The Prince of Wales quizzed construction workers about their mental health during their lunch break when he visited a major building site in the capital.
William chatted to a group of carpenters and a supervisor when he visited their on-site canteen after touring the development in a hard-hat, high visibility jacket and protective glasses.
Construction workers face a higher risk of suicide than those from other sectors, with rates in the industry more than three times higher than the national average, according to data from the Office for National Statistics.
When William first arrived at the building site in Acton, west London, where a Microsoft data centre is being built, he said: “I imagine construction is quite a male dominated environment, that’s a hard-to-reach group.”
Global construction firm Mace is building the project for Microsoft and William heard about initiatives the firm is running in partnership with Mates In Mind, a leading UK charity raising awareness and addressing the stigma of poor mental health.
It is thought a range of issues contribute to poor mental health on building sites, from workers employed away from home and so left isolated, pressure from construction deadlines, and the masculine culture where men do not talk about their feelings.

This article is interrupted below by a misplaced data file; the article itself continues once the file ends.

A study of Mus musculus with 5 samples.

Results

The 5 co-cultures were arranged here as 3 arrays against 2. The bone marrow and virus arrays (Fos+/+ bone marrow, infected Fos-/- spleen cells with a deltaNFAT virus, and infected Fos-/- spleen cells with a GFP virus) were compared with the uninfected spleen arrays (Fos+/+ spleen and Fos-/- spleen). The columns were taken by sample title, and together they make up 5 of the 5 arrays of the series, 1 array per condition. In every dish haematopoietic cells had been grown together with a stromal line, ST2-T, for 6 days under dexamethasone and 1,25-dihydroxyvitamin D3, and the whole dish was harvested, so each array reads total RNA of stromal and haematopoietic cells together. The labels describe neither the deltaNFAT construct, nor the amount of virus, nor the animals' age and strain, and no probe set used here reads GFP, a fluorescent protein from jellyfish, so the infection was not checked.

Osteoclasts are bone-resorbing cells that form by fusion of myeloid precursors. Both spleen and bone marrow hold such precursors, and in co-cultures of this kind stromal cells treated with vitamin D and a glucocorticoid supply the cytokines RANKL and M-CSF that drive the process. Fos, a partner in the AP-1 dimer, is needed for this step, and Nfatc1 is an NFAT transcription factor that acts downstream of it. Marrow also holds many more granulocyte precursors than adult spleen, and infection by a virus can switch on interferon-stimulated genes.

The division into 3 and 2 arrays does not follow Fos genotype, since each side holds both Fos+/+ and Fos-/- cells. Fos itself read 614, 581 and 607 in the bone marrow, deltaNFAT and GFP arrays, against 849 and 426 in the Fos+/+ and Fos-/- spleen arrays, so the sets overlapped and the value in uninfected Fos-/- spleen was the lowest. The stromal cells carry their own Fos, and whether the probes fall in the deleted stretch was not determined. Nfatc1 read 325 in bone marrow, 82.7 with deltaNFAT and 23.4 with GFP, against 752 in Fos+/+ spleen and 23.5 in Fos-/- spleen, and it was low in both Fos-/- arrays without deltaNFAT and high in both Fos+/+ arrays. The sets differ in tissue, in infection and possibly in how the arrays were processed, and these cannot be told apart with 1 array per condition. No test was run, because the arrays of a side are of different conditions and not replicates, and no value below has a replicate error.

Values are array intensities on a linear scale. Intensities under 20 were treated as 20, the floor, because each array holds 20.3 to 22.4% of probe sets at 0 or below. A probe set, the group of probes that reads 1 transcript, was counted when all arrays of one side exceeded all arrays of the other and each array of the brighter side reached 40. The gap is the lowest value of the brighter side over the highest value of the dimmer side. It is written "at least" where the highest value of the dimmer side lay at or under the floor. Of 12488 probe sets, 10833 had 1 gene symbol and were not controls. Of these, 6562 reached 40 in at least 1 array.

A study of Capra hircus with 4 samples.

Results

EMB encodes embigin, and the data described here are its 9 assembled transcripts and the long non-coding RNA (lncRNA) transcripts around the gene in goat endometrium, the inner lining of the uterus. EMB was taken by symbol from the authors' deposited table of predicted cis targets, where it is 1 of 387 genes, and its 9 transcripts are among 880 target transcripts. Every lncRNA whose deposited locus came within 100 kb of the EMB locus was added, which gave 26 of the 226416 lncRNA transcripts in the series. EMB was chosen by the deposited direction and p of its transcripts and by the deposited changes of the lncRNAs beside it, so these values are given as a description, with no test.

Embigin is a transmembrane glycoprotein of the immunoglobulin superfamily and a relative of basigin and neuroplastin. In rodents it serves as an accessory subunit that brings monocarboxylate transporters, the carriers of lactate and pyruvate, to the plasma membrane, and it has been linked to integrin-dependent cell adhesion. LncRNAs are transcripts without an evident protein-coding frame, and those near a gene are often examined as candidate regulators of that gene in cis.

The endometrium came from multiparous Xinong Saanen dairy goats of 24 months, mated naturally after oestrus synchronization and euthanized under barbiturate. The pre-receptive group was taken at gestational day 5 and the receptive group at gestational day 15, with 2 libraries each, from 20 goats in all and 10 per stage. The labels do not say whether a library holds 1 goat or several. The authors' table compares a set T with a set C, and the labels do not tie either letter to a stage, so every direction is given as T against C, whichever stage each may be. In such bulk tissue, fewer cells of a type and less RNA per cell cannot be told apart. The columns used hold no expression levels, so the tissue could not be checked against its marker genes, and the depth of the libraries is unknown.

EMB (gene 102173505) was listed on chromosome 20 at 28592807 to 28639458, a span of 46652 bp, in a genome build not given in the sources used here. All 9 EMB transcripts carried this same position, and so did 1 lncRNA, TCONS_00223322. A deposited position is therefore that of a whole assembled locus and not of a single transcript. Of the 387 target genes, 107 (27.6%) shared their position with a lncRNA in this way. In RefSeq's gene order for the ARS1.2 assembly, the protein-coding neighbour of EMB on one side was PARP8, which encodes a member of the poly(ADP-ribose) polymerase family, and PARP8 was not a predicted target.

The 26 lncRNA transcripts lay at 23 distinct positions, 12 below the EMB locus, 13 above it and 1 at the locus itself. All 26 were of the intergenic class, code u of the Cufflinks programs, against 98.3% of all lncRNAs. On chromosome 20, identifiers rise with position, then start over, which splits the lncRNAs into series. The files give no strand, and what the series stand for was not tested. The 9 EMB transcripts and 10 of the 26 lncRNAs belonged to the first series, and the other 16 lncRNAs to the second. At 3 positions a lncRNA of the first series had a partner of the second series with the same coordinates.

When William visited the canteen where workers were enjoying a lunch break, he asked a group of men if they “talk about mental health?” adding “mental fitness, is that something you relate to?”.
Supervisor Edward Xhafa, 43 said after speaking to the prince: “Everywhere you look there is pressure but we talk about it a lot.
“We look after each other, we communicate with each other and there are sessions here every week where you’re able to talk through everything.”
William has campaigned for a number of years to raise awareness about mental health including its effect on men, and his visit came shortly after World Suicide Prevention Day held on Sunday.
On the roof of the building site’s reception centre he sat down for a discussion with a number of industry representatives from Mace, Sarah Meek, managing director of Mates in Mind, and quantity surveyor Logan Price, a mental health advocate for the construction sector.
Mr Price, who has experienced mental health issues, stressed workers talking about issues, and being motivated to express their feelings, was important.
He said about the discussion with William: “We spoke about the impact the client can have on the workers, if they can make that first step, that’s the most important thing.
“If you can encourage people to talk about their mental health that’s better than me going to someone and trying to get them to talk.”
Ms Meek said after the discussion: “The prince was particularly interested about what we could do as an industry, what we could do to make a difference and to stop this from happening.
“We can do it all as individual companies, or actually the work we’re doing at Mates In Mind is working across that industry.”